NICHD conducts and supports research on pelvic pain and on some of the gynecologic and nongynecologic disorders associated with it, with the ultimate goal of reducing morbidity among women through prevention or improved treatment.
These studies range from the genetics and molecular biology of pain-related disorders to clinical trials seeking to identify optimal treatment modalities. Specific research receiving grant support includes studies in dysmenorrhea, uterine fibroids, pelvic floor disorders, and vulvodynia. Research support is also provided to clarify mechanistic distinctions in pelvic pain subtypes as well as both peripheral and central pain mechanisms in pelvic pain and vulvodynia. Current studies include:
Central Pain Mechanisms in Primary Dysmenorrhea (PD)
This study aims to better understand the potential role of central pain mechanisms, including excitatory and inhibitory pain responses, in dysmenorrhea. This study is the first of its kind to explore pain responses in PD across the developmental spectrum, which has the potential to identify girls and women at risk for the development of additional chronic pain problems.
Neurophysiological Diagnostics for Menstrual Pain
This study will examine whether involuntary muscle movements/reflexes can be measured to evaluate the pain experienced by women with different types of pelvic pain. The study will compare these muscle movements in women with primary dysmenorrhea and women with chronic pelvic pain in order to determine which nerve pathways are responsible for the pain experienced and to potentially identify targets for treatment.
Mechanistic Distinctions in Female Chronic Pelvic Pain Subtypes
Currently, each pelvic pain subtype is studied in isolation rather than as a system, making patient diagnoses poorly understood. This study examines the many factors (neural/sensory, musculoskeletal, and psychosocial) involved in women with postpartum chronic pelvic pain (CPP) and chronic bladder pain compared to women without CPP. The public health impact of the proposed work will be to enable clinicians to provide more accurate CPP diagnoses and more timely and targeted interventions to improve the quality of life in women with CPP.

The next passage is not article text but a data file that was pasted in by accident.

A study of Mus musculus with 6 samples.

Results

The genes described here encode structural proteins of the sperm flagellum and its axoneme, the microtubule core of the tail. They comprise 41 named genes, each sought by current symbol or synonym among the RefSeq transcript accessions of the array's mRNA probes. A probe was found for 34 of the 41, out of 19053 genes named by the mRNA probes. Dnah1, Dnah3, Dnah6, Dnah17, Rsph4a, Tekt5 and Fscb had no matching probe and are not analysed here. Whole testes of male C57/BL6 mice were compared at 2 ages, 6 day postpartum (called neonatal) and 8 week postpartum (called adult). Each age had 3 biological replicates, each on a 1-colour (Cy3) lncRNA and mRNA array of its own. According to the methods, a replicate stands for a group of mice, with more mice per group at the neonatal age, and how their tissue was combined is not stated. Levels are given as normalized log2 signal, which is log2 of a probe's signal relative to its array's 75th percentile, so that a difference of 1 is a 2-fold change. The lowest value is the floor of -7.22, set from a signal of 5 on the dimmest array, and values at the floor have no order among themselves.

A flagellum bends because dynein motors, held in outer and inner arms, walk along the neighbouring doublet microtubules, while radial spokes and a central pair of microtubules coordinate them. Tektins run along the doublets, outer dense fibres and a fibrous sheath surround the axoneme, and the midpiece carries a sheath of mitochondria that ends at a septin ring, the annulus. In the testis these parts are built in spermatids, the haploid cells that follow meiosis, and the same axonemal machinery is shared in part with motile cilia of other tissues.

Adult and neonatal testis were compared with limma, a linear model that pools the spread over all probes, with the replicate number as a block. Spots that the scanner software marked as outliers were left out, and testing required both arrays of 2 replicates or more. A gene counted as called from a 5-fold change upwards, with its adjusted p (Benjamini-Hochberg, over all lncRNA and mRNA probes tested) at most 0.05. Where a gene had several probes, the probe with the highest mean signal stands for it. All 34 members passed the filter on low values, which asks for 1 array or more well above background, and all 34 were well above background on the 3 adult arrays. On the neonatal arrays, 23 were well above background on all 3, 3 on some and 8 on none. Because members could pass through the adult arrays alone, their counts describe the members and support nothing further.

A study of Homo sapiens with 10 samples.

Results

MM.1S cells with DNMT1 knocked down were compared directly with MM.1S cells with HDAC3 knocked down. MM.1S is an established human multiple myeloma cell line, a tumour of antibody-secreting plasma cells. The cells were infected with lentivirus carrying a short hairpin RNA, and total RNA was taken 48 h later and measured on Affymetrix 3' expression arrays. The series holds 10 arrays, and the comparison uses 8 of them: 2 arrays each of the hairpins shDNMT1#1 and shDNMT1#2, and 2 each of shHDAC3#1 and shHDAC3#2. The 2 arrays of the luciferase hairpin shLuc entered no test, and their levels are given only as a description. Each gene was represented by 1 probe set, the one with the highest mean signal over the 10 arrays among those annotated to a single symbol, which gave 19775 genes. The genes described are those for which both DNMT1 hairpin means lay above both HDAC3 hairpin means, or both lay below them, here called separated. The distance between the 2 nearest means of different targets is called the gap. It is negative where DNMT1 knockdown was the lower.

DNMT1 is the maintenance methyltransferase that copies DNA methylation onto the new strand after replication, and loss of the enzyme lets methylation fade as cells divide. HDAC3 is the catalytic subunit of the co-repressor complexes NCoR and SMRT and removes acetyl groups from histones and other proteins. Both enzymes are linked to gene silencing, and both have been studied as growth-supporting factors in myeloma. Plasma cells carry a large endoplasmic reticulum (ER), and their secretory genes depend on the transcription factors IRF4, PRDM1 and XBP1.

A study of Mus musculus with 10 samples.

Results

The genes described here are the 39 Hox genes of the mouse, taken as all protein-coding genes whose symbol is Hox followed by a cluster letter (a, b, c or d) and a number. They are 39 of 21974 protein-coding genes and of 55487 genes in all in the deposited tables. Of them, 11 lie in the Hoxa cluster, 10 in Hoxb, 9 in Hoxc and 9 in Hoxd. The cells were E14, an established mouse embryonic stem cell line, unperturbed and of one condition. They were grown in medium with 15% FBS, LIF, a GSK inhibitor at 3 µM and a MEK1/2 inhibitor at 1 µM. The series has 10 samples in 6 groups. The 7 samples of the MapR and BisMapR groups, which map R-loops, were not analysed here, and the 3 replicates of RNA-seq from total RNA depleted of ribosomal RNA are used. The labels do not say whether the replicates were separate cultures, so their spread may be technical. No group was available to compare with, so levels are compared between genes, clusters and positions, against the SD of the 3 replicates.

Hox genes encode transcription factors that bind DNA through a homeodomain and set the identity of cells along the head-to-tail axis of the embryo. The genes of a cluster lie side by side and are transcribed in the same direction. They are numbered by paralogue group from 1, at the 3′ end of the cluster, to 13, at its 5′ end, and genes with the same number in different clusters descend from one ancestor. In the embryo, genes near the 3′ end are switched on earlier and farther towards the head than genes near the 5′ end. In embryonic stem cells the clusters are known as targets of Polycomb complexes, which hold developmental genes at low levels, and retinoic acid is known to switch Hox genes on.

The Institute also led efforts to create the NIH Research Plan on Vulvodynia (PDF - 746 KB), which lays out a scientific agenda for the NIH to conduct and gather rigorous scientific evidence needed to answer questions and fill in knowledge gaps about vulvodynia, a primary symptom of which is pelvic pain.
Pelvic pain often has more than one cause, and this complexity is the reason why NICHD collaborates with other NIH Institutes and pain research groups. Specifically:
NICHD is an active member of the NIH Pain Consortium, which was established to enhance pain research and promote collaboration among researchers across the many NIH Institutes and Centers that have programs and activities addressing pain.
The Institute also participates in the Trans-NIH Overlapping Chronic Pain Conditions Working Group, which was formed in 2014 and brings together program directors from 12 Institutes and Centers involved in pain research as well as external members from pain advocacy groups.
In 2013, the World Endometriosis Society Montpellier Consortium published the first-ever worldwide consensus statement on the management of endometriosis. The statement, published in the journal Human Reproduction, addresses 69 issues related to the management of endometriosis. NICHD scientists and grantees were among those on the Consortium. Visit Global Consortium Identifies Best Management of Endometriosis for more information.